Whether you think of it as exciting or creepy, Google has gotten a lot of attention for its research into driverless cars.
The technology company has long been experimenting with the idea of cars that can drive themselves, and the concept is starting to become a reality. The State of Nevada passed a law last year that would allow the first, albeit limited, use of driverless cars in the United States.
Google has already taken Nevada up on the offer. The first license ever issued for a driverless car was handed out in May of this year.
Google's experiments have even let cars, without the help of drivers, navigate a circular route around Lake Tahoe, the curves of the Pacific Coast Highway and the famous hairpins of Lombard Street in San Francisco.
Google's system uses sensors, data from Google Maps and the Global Positioning System (GPS) to navigate roads. It knows the speed limit of the street it's driving on and uses sensors to keep from hitting other cars nearby, controlling the steering wheel, brakes and accelerator almost like a human driver would.
While, admittedly, a world filled with self-driving cars is still a long way off, some technology that makes cars more autonomous is already on the market. Here's a look at five features available today.
Adaptive Cruise Control
Unlike ordinary cruise control, which keeps the car moving at a consistent speed no matter what, adaptive cruise control will change your car's speed based on the traffic in front of you.
Using radar sensors that can tell how far ahead the nearest car is, these systems will slow you down or speed you up — even applying the brakes, if necessary — to keep you moving the same speed as surrounding traffic.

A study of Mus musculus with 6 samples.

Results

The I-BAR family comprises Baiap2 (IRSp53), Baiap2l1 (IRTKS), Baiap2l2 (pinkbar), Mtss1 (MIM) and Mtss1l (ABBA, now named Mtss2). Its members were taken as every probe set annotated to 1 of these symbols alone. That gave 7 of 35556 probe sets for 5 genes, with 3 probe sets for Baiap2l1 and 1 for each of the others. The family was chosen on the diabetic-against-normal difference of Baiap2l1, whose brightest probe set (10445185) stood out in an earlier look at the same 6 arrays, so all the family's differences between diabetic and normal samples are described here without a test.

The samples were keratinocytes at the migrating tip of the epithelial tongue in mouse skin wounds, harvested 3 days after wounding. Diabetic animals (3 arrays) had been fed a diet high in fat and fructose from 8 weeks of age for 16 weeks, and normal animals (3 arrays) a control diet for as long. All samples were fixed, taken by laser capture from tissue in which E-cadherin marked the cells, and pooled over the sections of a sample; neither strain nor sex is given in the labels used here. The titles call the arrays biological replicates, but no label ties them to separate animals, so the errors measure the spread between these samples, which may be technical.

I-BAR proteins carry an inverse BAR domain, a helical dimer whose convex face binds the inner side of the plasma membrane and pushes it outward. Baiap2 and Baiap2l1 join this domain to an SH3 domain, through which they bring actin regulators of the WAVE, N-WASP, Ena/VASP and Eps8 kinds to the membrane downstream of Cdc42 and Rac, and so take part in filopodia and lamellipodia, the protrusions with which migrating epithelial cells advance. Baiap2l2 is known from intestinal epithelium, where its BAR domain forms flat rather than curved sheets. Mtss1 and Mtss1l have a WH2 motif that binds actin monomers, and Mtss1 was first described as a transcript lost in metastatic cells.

You can even dial in how closely you want to follow the car in front of you. Tailgaters, take note.
Some cars take adaptive cruise control a step further and actually apply the brakes if they sense a collision is imminent.
Depending on the car and manufacturer, these systems will either "prime" the braking system — which makes it respond faster when the driver slams on the brakes — or actually start to brake before the driver does when the sensors detect that you're about to crash.
If you've ever been annoyed by drivers who can't seem to stay in their lane — or, heaven forbid actually been one of them — then you'll appreciate the lane departure warning that many new cars are making available.
These systems utilize cameras mounted on the side of the car that watch for stripes in the road. If the driver starts to veer too far to one side, the car will either sound an audible alarm or vibrate the steering wheel as a way of saying, "Stay in your lane!"
Rear-view cameras are becoming common on SUVs and luxury cars today, but they're only effective when drivers use them.
Case in point: my wife got hit by a Honda Pilot driver who was backing out of a parking lot one afternoon.
The Pilot had a rear-view camera, but the driver wasn't watching it at the time.
Infiniti has just released a device that's perfect for that situation.
If it detects something in your path while backing up — whether a toy, a child or my wife's sedan — it will apply the brakes automatically as a safety measure.
Finally, to conquer that most nerve-wracking test of driver's ed, a few cars are capable of parallel parking themselves.
Lexus, Ford, BMW and a few other companies offer cars that can maneuver themselves into tight parking spaces with very little input from the driver.
It's not as fully automated as the Google cars, but it does offer a peek into the future of autonomous driving.
And it's actually on the market today.
Derek Price writes a weekly automotive column for CNHI News Service.